Organic produce and lifestyle has been one of the big successes of the past ten years and has become a multi-billion pound industry. Even the major supermarkets are providing more and more food that claims to be organic and consumers are, increasingly, buying more and more.
Most people understand the basic concepts of organic food - raised on land free from chemicals and fertilisers, cattle and other livestock raised with a minimum, if not zero medicines and fodder raised organically.
It is said by those who are real advocates of this type of produce, that the food tastes better, is better for you as one's intake of chemicals is reduced and that by farming in an organic manner is environmentally friendly.
But hang on! Organic strawberries from Egypt, organic blueberries from Chile, Argentinian blackberries - all of this produce is air-freighted and is in the shops generally within 48 hours! How environmentally friendly is that!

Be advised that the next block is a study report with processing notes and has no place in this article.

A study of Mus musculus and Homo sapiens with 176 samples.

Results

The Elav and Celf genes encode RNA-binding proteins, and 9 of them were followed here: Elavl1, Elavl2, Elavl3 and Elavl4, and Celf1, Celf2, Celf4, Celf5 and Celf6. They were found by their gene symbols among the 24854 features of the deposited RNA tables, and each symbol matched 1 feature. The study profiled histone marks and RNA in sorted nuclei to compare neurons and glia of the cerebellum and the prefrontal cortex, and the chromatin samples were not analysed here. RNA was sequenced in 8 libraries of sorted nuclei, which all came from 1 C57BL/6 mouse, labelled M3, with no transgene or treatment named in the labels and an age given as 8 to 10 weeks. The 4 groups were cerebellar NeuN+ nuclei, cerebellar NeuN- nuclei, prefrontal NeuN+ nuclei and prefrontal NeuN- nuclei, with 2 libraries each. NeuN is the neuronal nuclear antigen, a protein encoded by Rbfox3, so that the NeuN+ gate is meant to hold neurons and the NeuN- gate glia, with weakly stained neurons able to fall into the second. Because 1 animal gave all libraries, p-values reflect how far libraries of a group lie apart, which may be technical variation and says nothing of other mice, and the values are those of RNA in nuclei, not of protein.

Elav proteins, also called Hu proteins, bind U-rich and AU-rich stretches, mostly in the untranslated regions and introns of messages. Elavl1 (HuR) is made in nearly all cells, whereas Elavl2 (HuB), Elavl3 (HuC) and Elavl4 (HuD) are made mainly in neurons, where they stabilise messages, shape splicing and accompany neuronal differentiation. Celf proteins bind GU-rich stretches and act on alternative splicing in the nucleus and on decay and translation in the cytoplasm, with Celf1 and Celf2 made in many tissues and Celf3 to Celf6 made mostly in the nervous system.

Sure, I believe that organic is probably best, but I like to give equal weight to the distance it has had to travel. Our local market generally supplies food from the locality - most from a 30 mile radius. The carrots (shock, horror) still have the soil on them, moreover, they are not single straight tubers, but often knobbly and a combination of 2 or more tubers. But the taste! Wow.
Most of the food has been out of the ground, by the time I get to the market, no more than 6 or 7 hours, and for me, the taste is out of this world. Some of it is organic, most isn't, but the level of chemicals used in the locality is much reduced on other parts of the country where soils are less fertile. Moreover, food is seasonal again. If it is the wrong season, then it is unavailable in the market and that is good, as far as I'm concerned. The seasonality takes me right back to when I was a child and the local greengrocer only stocked local apart from some fruit such as citrus fruit. I believe that, more important than 100% organic is that food should be, as far as is reasonably practical, local. Let's cut food miles and support the local farmer and we might just get food worth eating.